AUGUSTA — Sinatra is gone, but we still have his music. The same is true with Nat King Cole and Elvis. It would be nice to hear them in concert again, however. With Arnold Palmer, Jack Nicklaus and Gary Player, we are not sure what it will be like when they are no longer the honorary starters at the Masters.
Nonetheless, they will always be relevant at Augusta National Golf Club, like former champions Ben Hogan, Byron Nelson and Sam Snead before them. But there is that nagging fear of the emotional faucet of their lives and times being turned off when the aging process eventually robs us of their presence.
Maybe that is why the most passionate and sentimental of fans show up every year to see these champions — with 13 Masters titles among them — start the tournament with early-morning tee shots on Thursday.
They are graybeards now. Old-timers. Over the hill — but their loyal fans remain over the top when it comes to witnessing history when these former champions ride down Magnolia Lane and head to the first tee.
Eager spectators congregate between the first tee and the clubhouse. When the “Big Three” emerge from inside and make their way to the tee in the company of Billy Payne, the club’s chairman, there is an immediate parting of the crowd that reminds one of Moses and the Red Sea.
Such respect expressed the eyes of the beholders! It may not be Biblical, but it is heartwarming and uplifting — downright spiritual if you love golf the way countless Masters fans do.
Some on the scene have been around long enough to remember the exits of Hogan, Nelson and Snead. That was sad, even though Hogan never was an honorary starter. Crowds, even adoring ones, bothered Hogan, but it is doubtful that he would have been comfortable being an honorary starter.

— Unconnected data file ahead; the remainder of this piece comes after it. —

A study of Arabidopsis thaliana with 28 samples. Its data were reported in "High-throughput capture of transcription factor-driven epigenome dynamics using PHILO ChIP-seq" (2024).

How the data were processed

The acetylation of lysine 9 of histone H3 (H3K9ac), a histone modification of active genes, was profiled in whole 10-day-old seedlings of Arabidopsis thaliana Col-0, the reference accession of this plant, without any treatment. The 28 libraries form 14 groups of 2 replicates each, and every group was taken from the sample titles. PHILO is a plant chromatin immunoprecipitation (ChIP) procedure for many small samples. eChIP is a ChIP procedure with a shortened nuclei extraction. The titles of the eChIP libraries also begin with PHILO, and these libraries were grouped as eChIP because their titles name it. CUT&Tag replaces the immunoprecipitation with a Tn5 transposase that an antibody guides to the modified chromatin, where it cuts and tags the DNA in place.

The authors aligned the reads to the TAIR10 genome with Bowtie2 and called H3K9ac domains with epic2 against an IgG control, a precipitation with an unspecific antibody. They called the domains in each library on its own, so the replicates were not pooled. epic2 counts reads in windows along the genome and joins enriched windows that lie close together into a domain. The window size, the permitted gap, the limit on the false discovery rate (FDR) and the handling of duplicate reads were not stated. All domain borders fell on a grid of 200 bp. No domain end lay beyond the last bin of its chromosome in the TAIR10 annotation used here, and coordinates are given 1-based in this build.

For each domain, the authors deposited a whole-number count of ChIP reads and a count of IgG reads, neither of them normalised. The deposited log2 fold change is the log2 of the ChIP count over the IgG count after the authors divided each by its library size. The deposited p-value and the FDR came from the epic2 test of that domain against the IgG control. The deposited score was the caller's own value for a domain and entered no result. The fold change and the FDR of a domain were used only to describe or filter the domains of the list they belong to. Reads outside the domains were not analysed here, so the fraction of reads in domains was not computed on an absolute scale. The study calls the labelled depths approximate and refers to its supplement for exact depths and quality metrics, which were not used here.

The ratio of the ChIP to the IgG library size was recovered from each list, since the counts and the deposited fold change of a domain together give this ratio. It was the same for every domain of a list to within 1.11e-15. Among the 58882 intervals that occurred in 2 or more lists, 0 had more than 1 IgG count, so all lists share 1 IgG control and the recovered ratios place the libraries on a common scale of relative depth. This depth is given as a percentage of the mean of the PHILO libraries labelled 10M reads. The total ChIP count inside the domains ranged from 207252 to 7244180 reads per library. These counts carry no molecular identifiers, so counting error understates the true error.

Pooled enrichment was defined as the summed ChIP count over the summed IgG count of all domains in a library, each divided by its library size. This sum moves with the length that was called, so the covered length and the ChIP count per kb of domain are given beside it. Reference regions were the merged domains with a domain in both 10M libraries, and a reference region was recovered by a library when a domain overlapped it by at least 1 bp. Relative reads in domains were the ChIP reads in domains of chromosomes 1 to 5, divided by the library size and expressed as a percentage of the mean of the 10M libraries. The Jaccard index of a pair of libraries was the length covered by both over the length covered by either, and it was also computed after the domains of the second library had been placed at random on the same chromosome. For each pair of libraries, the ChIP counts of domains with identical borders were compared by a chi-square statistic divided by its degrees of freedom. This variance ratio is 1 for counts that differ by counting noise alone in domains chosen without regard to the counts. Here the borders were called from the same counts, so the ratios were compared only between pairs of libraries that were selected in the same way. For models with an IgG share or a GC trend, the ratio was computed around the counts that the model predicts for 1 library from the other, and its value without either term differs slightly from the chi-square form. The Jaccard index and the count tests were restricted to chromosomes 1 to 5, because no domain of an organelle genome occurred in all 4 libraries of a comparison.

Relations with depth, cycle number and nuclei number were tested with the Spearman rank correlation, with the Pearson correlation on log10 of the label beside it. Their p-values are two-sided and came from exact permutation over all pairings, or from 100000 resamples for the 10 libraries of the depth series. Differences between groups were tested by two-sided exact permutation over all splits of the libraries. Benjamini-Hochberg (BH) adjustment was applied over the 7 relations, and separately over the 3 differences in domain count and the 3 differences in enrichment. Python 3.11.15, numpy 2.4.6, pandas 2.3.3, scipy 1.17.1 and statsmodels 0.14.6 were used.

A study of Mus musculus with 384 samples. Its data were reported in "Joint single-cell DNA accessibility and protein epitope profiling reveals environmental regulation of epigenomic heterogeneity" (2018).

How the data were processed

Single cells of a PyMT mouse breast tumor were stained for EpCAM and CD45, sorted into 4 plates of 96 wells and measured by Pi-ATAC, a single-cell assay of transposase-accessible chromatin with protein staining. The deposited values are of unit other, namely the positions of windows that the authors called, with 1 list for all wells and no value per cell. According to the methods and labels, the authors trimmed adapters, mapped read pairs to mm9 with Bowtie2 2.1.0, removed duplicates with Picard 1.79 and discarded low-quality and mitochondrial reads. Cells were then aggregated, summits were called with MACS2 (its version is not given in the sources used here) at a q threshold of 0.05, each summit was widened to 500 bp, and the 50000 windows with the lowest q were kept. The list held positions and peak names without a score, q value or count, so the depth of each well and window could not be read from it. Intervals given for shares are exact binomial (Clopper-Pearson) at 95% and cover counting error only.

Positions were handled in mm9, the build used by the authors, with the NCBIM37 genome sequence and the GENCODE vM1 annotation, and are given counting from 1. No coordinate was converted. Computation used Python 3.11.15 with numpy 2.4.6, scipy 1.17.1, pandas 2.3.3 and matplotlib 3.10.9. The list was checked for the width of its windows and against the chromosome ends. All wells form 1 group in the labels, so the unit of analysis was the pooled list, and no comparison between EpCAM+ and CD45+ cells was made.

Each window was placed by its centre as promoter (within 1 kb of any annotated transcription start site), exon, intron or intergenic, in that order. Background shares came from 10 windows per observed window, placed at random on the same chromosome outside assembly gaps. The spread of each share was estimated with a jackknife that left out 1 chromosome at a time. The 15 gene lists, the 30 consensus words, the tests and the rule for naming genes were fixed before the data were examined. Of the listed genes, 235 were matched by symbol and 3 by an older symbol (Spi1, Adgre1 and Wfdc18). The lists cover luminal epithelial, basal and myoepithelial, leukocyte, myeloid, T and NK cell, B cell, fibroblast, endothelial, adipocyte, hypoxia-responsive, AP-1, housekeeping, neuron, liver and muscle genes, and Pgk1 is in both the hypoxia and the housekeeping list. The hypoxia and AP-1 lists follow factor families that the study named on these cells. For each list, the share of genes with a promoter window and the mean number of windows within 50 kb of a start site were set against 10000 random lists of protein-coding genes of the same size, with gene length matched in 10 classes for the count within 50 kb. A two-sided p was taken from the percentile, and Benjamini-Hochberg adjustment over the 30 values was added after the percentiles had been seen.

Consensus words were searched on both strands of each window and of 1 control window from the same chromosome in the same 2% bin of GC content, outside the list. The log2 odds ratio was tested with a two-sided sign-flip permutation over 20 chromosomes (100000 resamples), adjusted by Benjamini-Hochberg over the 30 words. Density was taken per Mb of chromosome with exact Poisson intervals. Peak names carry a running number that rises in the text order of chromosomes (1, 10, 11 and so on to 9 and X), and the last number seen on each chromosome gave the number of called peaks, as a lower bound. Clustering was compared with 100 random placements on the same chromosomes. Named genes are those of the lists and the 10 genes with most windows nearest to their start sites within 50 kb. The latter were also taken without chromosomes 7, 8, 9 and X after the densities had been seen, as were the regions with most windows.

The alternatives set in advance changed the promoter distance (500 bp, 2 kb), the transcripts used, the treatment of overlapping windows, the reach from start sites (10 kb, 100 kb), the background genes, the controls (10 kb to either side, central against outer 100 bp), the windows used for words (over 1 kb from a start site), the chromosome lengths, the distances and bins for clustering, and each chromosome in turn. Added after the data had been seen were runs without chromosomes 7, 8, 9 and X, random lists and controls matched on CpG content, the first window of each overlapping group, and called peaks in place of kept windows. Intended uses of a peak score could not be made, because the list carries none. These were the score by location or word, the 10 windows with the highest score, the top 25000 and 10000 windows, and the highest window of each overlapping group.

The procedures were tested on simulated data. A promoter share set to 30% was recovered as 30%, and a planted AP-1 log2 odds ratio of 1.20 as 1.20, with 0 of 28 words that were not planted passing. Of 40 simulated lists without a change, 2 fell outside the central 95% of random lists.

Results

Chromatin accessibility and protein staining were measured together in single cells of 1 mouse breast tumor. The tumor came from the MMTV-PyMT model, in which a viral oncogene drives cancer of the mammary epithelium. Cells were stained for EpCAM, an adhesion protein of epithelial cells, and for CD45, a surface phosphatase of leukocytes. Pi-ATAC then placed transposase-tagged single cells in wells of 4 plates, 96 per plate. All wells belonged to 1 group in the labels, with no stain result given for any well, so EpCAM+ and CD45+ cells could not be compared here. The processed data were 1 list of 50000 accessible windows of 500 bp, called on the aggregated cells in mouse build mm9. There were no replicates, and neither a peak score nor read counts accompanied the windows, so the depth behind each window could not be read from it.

This is the way it was Thursday, before the sun burned through the dew and dampness, before the multitudes emerged from their hangovers, eggs and bacon and third Starbucks to make their way onto the grounds and the first day of competition.
Arnold, the senior in the group, hit first. He swung as fiercely as ever, finishing with his exclamation point, the loop at the top of his swing — though not as fiercely as he did in 1964, when he won his fourth and final Masters championship.
Player, the global champion with more frequent flyer miles than Condoleezza Rice, looked very much like the same Gary Player who became the first international player to win the Masters in 1961. That was the year that Palmer, with a drive in the middle of the fairway on the last hole of Sunday’s round, only needed to hit his approach shot in the middle of the green and pick up a two-putt to become the first back-to-back winner of the tournament.
But Palmer experienced a lapse in concentration that day. He hit his approach into a greenside bunker on the right, then blasted back across the green and — before you knew it — he had made double-bogey and lost the tournament.
Fast-forward back to Thursday. Player, the beneficiary of Palmer’s lapse, looking as fit as ever in his familiar black attire, hit his ceremonial drive down the middle of the fairway. Jack Nicklaus, the Golden Bear — with six Masters titles — was last to hit, pounding his way on a line in the direction of Player’s ball. His shot bounded five or six yards past the South African. Like old times.
Then they moved inside for a press conference that lasted about 45 minutes. Where, other than the Masters, are former champions so revered? Where, other than Augusta, would the media want to interview past champions for the better part of an hour?
Life is made of memories, and I shall never forget a personal connection with each of the three.
There was the time when I visited Player at his ranch in South Africa — with him in Safari khakis, riding up in a pickup truck with his dog in the back, speaking Afrikaans with the workers on his ranch. When Player smiled, his dog seemed to smile.
I remember seeing Nicklaus getting ready to board his Gulfstream jet home to North Palm Beach, Fla., after leaving his daughter Nan in Athens to begin her freshman year at the University of Georgia. He said goodbye with a big tear sliding down his cheek.
I recall interviewing Palmer at his office in Bay Hill Club in Orlando, Fla., and asking him how many autographs he had signed in his life. He wasn’t sure, but even aside from golf tournaments and bump-into requests at events, banquets, airports, hotels and in the street, his secretary — before she retired a decade or more ago — estimated he had signed his name at least four million times. He’s still signing today.
Next year, if the creeks don’t rise, we’ll flock to Augusta one more time to see the Big Three start the Masters again.
It is a story of warmth, worthy of renewal.
Loran Smith is a contributing columnist for The Daily Citizen. You can write to him at email@example.com.